A mount point can be simply described as a directory to access the data stored in your hard drives.
In more specific terms, a mount point is a (usually empty) directory in the currently accessible filesystem on which an additional filesystem is mounted (attached).
A filesystem is a hierarchy of directories—sometimes called a directory tree — for organizing files on a computer system. With Linux and other Unix, the root directory at the very top of this hierarchy. The root directory includes all other directories on the system, as well as all their subdirectories. The entire hierarchy of directories (the directory tree) found on a single partition or disk is also called a filesystem.
The mount point is used as the root directory of the filesystem, and that filesystem is accessible from that directory. The previous content of that particular directory become invisible and cannot be accessed until the filesystem is unmounted (detached).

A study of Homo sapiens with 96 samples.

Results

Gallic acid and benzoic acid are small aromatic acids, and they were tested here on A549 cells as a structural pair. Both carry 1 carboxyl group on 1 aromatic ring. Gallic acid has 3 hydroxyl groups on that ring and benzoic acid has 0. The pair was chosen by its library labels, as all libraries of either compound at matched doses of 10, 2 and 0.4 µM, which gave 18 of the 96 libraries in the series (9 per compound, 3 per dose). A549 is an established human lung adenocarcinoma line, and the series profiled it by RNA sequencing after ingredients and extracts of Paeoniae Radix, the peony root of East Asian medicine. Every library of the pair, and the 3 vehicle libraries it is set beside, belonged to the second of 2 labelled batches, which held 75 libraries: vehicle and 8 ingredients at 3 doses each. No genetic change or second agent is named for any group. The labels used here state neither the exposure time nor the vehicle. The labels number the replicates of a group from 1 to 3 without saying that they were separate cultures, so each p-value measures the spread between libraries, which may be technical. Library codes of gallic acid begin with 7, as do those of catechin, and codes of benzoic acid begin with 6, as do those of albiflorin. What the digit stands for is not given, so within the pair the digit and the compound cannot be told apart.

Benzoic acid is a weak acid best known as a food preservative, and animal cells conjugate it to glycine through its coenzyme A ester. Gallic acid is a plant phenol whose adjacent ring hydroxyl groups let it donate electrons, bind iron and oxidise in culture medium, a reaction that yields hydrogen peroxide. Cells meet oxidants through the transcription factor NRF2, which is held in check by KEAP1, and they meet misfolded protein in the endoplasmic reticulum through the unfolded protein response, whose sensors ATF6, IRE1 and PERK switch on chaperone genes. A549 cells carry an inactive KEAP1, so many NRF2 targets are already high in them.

Mount points are often confusing to new Unix and Linux OS users because they have not had to worry about mounting with Microsoft Windows OSes. Windows does not require user mounting, but you also have a lot less flexibility in system configuration.
The term itself is confusing in that it suggests there is a point involved, when you are really dealing with a directory. It’s also confusing because directories are usually thought of as containers for holding other directories and files and not as points.
The idea of a mounting point makes more sense when directories are thought of as nodes, that is, as points on a directory tree of a filesystem from which other directories and files branch off.